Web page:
NOT YOUR AVERAGE FACIAL: Dr Debra Jaliman (left) with a patient in her New York office. Dr Jaliman offers a multi-step facial procedure called facial rejuvenation, which includes Botox injections.


    Aug 23, 2013

    Newest facials are really mini facelifts

    WELCOME to the future.

    Here, facials are not just skin-rejuvenating treatments. They are actually mini facelifts.

    In New York, some dermatologists are offering non-surgical procedures called a "facial facelift". This is a package of treatments that may include not just extractions - like a facial - but injections of neurotoxins like Botox and hyaluronic acid filler, as well as red-light therapy.

    "No one in New York will go back and forth for different treatments, when they can do them all in one day and still find it result-oriented," said Dr Debra Jaliman, who has been offering such a multi-step procedure, called facial rejuvenation, for about a year, at a cost of US$3,000 (S$3,850).

    "This is a step-down facelift," she said, adding that a surgical lift only pulls skin away from the face and lessens the appearance of wrinkles, but does not add volume or contour.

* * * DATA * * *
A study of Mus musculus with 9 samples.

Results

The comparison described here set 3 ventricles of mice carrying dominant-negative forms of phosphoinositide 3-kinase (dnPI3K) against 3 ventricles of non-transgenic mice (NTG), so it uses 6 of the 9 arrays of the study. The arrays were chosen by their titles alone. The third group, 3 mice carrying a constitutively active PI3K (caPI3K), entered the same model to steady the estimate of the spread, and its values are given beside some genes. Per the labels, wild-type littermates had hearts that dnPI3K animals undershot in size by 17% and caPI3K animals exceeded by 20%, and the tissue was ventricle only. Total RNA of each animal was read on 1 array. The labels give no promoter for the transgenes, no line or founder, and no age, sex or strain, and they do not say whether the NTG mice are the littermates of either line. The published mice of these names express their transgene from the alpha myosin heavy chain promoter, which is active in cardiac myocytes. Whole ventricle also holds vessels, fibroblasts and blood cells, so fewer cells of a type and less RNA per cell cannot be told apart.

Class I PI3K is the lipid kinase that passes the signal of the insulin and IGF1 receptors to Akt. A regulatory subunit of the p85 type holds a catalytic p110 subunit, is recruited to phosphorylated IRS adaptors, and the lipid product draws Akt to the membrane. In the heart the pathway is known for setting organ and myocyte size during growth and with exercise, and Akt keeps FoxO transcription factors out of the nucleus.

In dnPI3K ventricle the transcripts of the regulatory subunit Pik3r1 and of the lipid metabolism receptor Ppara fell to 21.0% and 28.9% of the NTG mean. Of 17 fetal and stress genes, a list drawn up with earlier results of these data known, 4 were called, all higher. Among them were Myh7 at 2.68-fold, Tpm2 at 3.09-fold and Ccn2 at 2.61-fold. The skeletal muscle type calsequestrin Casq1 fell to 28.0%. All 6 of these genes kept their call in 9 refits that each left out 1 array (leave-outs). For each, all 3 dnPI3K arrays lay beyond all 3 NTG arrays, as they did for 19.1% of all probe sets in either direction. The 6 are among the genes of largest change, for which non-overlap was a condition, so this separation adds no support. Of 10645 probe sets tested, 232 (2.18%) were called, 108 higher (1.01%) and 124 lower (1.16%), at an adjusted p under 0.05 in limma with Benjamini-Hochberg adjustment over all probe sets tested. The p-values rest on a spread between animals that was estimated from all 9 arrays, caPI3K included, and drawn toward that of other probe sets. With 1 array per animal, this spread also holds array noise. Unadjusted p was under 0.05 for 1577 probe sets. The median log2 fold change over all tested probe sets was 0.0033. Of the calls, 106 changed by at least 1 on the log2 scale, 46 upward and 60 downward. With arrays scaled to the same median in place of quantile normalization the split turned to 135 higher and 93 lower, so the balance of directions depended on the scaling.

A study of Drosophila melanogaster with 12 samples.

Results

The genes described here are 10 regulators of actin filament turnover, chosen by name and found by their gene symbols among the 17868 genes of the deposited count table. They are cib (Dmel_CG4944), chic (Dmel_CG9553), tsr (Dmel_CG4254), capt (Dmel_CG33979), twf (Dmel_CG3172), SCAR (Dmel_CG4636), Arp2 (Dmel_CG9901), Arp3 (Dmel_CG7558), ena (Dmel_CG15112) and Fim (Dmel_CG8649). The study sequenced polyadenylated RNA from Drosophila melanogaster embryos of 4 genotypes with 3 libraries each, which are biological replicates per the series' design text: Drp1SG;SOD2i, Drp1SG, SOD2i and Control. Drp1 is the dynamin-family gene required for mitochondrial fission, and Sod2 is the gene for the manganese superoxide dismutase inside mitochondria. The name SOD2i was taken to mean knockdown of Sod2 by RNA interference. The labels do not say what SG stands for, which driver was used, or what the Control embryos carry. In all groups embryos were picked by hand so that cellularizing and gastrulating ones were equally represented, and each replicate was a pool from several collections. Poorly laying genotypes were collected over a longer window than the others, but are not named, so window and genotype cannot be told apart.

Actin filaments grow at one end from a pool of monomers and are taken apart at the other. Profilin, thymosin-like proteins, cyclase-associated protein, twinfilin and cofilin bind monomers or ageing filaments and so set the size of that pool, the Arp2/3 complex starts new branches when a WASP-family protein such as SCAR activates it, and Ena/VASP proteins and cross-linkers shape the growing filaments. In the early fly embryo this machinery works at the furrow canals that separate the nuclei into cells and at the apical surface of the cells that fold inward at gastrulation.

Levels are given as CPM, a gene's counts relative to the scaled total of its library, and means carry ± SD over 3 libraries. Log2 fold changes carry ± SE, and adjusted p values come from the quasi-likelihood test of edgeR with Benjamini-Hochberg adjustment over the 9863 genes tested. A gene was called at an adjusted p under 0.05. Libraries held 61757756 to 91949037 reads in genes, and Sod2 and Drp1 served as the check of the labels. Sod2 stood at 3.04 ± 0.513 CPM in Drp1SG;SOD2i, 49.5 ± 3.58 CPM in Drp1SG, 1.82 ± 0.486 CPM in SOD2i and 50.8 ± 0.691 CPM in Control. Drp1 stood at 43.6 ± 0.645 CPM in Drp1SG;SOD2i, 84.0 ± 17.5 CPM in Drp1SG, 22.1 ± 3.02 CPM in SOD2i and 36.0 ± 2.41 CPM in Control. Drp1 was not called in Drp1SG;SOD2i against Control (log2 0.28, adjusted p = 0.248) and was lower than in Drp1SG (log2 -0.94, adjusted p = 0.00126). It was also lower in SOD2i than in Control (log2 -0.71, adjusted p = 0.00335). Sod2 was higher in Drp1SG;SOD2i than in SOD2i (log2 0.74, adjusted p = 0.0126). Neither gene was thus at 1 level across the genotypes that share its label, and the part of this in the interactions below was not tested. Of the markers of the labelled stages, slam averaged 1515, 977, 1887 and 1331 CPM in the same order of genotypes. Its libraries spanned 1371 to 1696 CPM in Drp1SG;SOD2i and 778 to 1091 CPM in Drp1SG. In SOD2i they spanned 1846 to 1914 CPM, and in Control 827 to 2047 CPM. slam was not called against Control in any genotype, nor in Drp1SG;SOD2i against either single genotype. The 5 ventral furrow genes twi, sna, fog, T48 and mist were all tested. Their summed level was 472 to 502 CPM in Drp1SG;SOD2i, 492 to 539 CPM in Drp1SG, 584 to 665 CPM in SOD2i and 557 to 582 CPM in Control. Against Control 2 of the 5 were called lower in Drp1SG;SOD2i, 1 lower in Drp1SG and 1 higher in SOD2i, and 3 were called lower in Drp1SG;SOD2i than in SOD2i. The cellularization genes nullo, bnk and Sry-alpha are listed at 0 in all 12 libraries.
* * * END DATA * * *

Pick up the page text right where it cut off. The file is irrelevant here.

Dr Julius Few, owner of the Few Institute for Aesthetic Plastic Surgery in Chicago, is offering another version of the facelift, featuring "stackable" treatments, including ultrasound and lasers, for US$5,000.

    He said: "You're not doing a massive overhaul like you would with a true facelift but, rather, strategic, controlled intervention that has been tailor-made for you. The facial is no longer just a facial."

    The development of such packages might seem prescient considering the release of a study, published earlier this month in the Journal Of The American Medical Association, showing that perceived attractiveness was only minimally increased after cosmetic surgery.

    The field has suffered in recent years. According to the American Society for Aesthetic Plastic Surgery, minimally invasive cosmetic procedures increased more than 10 per cent last year from 2011, compared with 3 per cent for surgical cosmetic procedures.

    Dr Edwin Williams, the medical director and founder of the Williams Center for Plastic Surgery in Albany, said: "In the depths of the recession, people were putting off plastic surgery, which - aside from technology advancements - is probably why these facials have become popular."

    Technological advancements have enabled amped-up facials in non-medical settings like Dangene's Institute of Skinovation, in the Core Club in East 55th Street, which offers a "skin rejuvenation treatment" involving 90 minutes of wet and dry microdermabrasion, ultrasound with serum, oxygen and LED light (it does not include injections, though the spa offers them). The price: US$2,500.

    Ms Lisa Marcus, 55, a retiree who underwent Dr Jaliman's facial rejuvenation, said: "I don't have to spend US$30,000 or go into hiding for weeks.

    "You can have the work done, go home, look better, and your husband or boyfriend will never know you've done anything."